Japan’s High-School Readers Enjoy Higashino KeigoCulture Society Education
A survey of the reading habits of high school students conducted by Recruit showed that only 18% of the respondents never read print publications, including manga and magazines. Despite concerns about how they are abandoning the printed word, high school students are in fact reading.
On average, high school students spend ¥1,410 on reading matter per month. The Recruit survey conducted in June found that the average monthly allowance for students is ¥5,582, so that they are spending around a quarter of their pocket money on books and magazines.
The most common reason that high schoolers chose a particular book, mentioned by 54.4% of respondents, was that they saw a recommendation display at a bookstore, followed by the roughly 30% who had either heard about it from a friend, from an influencer, or through an online advertisement, respectively. Around 13.0% of respondents chose a book after reading an excerpt in a test or a Japanese textbook.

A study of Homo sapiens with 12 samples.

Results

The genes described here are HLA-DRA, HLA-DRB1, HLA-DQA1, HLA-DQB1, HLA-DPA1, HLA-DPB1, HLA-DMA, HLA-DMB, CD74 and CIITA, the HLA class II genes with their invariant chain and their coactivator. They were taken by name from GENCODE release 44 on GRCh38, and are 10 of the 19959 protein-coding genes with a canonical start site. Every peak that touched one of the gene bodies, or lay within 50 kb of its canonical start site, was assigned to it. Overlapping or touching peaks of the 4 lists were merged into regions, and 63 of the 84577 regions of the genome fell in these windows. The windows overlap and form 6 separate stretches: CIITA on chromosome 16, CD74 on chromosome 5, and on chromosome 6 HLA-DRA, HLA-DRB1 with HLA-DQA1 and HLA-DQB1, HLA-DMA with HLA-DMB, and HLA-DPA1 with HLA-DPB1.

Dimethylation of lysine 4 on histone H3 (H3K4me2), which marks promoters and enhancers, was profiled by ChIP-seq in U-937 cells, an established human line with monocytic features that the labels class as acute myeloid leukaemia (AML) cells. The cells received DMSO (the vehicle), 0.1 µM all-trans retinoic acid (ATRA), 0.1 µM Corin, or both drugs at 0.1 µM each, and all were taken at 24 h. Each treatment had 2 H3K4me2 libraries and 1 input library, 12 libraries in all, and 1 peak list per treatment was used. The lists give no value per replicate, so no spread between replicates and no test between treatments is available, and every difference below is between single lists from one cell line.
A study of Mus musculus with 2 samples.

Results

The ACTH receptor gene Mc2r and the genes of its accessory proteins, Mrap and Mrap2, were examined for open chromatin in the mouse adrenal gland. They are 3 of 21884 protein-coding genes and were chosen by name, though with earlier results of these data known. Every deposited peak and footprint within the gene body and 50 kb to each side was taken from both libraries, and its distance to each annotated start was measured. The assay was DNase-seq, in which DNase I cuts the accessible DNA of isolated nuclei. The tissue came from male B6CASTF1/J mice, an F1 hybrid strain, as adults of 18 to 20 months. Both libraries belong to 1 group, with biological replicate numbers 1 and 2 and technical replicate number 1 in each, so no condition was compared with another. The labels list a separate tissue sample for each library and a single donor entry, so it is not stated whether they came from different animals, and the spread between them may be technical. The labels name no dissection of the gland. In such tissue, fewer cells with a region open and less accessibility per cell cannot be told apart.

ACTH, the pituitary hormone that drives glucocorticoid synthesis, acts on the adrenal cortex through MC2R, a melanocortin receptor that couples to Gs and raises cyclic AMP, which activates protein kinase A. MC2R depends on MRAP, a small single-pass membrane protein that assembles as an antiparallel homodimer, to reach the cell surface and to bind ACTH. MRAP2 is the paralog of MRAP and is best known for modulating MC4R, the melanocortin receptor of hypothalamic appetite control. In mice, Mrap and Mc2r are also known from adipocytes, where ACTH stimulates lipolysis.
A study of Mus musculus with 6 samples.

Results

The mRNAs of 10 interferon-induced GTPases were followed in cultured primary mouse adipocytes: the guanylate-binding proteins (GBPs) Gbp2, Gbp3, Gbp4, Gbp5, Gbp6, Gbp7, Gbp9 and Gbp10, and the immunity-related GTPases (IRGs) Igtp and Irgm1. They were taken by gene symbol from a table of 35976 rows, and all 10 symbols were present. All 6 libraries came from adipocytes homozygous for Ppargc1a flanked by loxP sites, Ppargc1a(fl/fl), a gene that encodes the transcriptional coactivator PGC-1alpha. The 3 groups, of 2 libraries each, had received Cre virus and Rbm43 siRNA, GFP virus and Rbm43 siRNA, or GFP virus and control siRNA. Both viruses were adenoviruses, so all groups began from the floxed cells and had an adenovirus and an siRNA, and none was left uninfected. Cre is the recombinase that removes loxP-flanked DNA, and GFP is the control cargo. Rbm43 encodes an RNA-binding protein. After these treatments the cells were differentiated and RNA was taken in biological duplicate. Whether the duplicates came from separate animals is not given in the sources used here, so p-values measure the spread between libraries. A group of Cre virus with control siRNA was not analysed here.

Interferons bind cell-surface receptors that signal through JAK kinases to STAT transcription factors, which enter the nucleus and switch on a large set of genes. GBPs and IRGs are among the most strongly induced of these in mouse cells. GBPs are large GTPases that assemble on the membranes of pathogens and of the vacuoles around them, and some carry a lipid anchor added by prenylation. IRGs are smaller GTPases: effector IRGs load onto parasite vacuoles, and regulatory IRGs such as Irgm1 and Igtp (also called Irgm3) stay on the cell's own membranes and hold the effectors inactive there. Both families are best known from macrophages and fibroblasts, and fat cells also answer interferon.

There is a common assumption that high school students normally gather information through their smartphones, since they are so adept in the digital world, but the survey revealed that they are using analog sources of information as well.
The most popular writer among high school students is Higashino Keigo, a Naoki Prize-winning author known especially for his mysteries. His numerous works, including the Galileo series and Byakuyakō (trans. by Alexander O. Smith as Under the Midnight Sun) have been made into TV dramas and movies. Mystery fans commented in the survey that the unpredictability of his plotlines held their attention. The most popular genres among the respondents were romance novels (49.7%) and detective or mystery novels (48.8%).
Created by Nippon.com based on data from Recruit. There were 1,000 votes altogether.
The survey was conducted online in mid-August, targeting registered users of the official Line page of Recruit’s Future Course Study Supplement service and others. A total of 1,000 valid responses were received (314 boys and 686 girls).
(Translated from Japanese. Banner photo © Pixta.)